Have you ever held entrails in your hands? Like long sausages they slip and slide, warm, feeling strangely seductive yet evoking disgust. To feel the visceral insides of any body is strange (unless you are a butcher or surgeon). I’ve had Elizabeth Wilson’s book in my hand a few days now, thrown inside my bag and taken out later at night to read. The book now sits next to me, and something shiny draws me in to look at the cover. Intently, I start to peer through the bold typeface of her title, through to the image it cuts and hides. I draw the book closer, my perspective shifts and I see the shiny pillows of gut viscera, the purple sheen of curved intestines and yellow globules of mesenteric fat. I immediately search for the details of this image and find them on the back cover. This is the work of elin o’Hara slavick, a Professor of Visual Art, Theory and Practice at the University of North Carolina at Chapel Hill. Her photograph shows the spilled guts of a just-slaughtered cow, and is called ‘Global Economy’.
I want to linger on this image as I think it raises the central provocations of this book. This image turns things inside out, insides of bodies on the outside of the book. Insides and outsides together, not as separate entities, but ‘cut’ literally and conceptually (in Karen Barad’s terms) by the words on the page. This jarring of opposites is not intended to shock; these are not conventional opposites ‘radically detached from each other’ (143). Binaries are conceptual demarcations that ‘ensnare us all’ (146), but in this book (as an on-going intellectual endeavor) Wilson wants to move beyond ‘components’ and investigate the ways that guts, minds, pills and neurology cohabit, entwine, and annex each other as they ‘bind, braid, branch and cleave’ (150); in other words, how they are all inherently shaped by one another. This is the intra-action of words and biological agencies.
Wilson makes a valid case for the central role that feminist theories have had in the historical relationships of dismissing biology, and she clearly draws inspiration from feminists who have critically engaged with the reworking of nature and culture. She doesn’t want to push biology away like second wave feminists have done, like water repelling oil. Joining feminist calls for a renewed alliance between feminist work and biological processes (including nods to feminist science studies and ‘new’ material feminist scholars), she describes betrothals and battles between historical figures and modes of thought. Rubin and Kipnis’ arguments are used to show how feminist theory got itself trapped in relation to biology; Freud and Ferenczi’s friendship became strained in their handwritten letter exchanges over the volatility of anatomy and the biological unconscious, and in the chapter “Bitter Melancholy,” Wilson shows how depression is not anger turned inwards as the Freudian hypothesis suggests, but an outward aggression. In each of these cases neurological data and critical inquiry of eating, digestion, vomiting, lumps in throats, bodily fluids, hunger, sex, gut, brain, nerves and will, ‘meet and cut across each other’ (176), demonstrating the importance of ‘thinking biology dynamically’.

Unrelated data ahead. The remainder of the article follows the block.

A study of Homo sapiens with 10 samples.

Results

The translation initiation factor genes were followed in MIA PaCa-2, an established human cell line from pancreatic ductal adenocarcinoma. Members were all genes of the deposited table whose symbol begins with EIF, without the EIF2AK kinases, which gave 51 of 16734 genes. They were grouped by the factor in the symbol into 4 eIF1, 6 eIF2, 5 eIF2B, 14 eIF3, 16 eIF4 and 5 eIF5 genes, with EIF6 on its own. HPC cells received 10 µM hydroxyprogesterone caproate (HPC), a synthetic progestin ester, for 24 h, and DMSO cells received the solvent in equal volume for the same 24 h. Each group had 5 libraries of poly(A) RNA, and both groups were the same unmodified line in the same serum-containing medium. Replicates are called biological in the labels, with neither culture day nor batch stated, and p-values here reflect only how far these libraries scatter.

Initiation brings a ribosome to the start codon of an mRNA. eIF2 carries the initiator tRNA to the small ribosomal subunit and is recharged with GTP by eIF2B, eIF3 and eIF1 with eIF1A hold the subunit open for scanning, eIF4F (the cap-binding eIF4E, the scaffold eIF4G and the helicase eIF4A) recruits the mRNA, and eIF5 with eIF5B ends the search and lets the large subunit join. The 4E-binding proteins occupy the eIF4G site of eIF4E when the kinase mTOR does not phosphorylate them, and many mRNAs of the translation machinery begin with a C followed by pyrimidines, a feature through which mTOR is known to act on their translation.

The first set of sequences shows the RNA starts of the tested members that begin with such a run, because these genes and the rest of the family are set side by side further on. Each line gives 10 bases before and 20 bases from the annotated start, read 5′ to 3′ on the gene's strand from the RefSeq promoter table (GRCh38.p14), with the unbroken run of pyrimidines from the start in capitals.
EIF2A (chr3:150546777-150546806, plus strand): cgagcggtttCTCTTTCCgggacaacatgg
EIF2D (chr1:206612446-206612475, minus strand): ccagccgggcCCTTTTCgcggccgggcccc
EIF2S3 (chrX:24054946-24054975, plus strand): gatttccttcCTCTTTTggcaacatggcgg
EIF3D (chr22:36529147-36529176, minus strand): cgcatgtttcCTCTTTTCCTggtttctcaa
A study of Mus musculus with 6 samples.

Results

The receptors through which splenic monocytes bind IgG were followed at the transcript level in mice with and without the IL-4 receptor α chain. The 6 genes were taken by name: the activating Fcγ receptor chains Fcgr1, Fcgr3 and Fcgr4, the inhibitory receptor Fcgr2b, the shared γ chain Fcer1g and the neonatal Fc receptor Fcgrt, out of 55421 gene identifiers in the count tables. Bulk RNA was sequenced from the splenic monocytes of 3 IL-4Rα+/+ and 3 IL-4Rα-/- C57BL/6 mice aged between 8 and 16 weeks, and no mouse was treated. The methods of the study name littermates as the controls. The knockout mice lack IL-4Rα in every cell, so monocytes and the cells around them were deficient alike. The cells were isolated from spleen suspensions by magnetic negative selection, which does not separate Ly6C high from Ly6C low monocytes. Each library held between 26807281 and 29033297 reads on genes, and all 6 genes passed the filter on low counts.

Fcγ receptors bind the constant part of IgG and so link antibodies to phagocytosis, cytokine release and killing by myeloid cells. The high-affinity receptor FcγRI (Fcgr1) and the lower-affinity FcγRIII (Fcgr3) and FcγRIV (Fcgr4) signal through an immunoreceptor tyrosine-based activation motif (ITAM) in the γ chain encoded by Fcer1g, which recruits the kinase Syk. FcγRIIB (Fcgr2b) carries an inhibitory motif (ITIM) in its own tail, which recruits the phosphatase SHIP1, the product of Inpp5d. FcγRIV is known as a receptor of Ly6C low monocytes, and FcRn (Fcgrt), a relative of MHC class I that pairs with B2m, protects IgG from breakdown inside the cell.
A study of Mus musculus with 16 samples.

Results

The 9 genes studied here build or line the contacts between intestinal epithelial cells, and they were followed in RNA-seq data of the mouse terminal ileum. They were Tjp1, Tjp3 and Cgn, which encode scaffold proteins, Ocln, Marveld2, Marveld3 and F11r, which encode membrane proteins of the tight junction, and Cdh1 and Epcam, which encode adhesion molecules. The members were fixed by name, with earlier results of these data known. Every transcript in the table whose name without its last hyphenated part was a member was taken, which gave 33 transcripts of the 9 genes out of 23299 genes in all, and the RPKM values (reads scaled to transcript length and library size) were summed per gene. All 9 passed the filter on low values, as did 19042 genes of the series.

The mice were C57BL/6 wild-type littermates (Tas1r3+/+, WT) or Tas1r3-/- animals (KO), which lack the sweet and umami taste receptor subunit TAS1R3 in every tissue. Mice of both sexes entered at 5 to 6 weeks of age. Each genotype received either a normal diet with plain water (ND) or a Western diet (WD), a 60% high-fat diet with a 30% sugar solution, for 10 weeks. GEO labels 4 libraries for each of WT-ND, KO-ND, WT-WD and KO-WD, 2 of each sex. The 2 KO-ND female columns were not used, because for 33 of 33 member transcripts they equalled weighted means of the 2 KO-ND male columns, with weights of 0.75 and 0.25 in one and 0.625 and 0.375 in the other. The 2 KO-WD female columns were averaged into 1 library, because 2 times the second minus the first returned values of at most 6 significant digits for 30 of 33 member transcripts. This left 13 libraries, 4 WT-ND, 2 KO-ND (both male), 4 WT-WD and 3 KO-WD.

In beautiful historical detail Wilson succeeds in drawing critical attention away from the centre (brain) and bending it towards the periphery (gut) (99). This book is in itself a ‘fantastic voyage’ of pharmaceuticals as they travel and dissolve in and around many different agencies in the alimentary tract, metabolic pathways and organs of the body (and not just in the brain). We are repeatedly directed to the inseparability of psyche and soma which are ‘always already coevolved and coentangled’ (66). Here, Wilson emphasizes that depression is a more outwardly aggressive event than currently (and historically) thought, and that this outward expression of hostility is the mark of every political action. These are not politically inert matters. In light of cries that such biological leanings are unpolitical, Wilson cites Derrida’s pharmakon to show the aggressive ambiguity of harm and remedy working in tandem. This dissonant alliance is a sharp reminder to counter my desire to err on one side, of recto (critique) or verso (scientific ebullience).
Hannah Landecker suggests that some readers will devour this book and others will throw it across the room. I have done the former (and perhaps we should do both), but in the moment of devouring and trying to absorb the analysis, it spills, dissolves, changes structure and transforms. As much as I desire to be drawn to this, I also want to capture spills and hold on to entrails, wedded to social anthropological modes of rationalization which are deeply embedded and embodied in my training. Yet guts, gut distress, gut mindedness, gutting and being gutted slide across each other in so many assemblages, touching histories, theories, medicine, pharmacology and psychoanalysis. Feminism, biology, pills, placebos and guts are all thrown into a ‘vertiginous’ space which is not seamless or unified, but full of consiliences, hostilities and political encounters. This is alluring scholarship and perfect in its timing in arguing that ‘feminist theory could engage the contemporary landscape more potently if it was able to read biology more closely and tolerate the capacity for harm’ (17).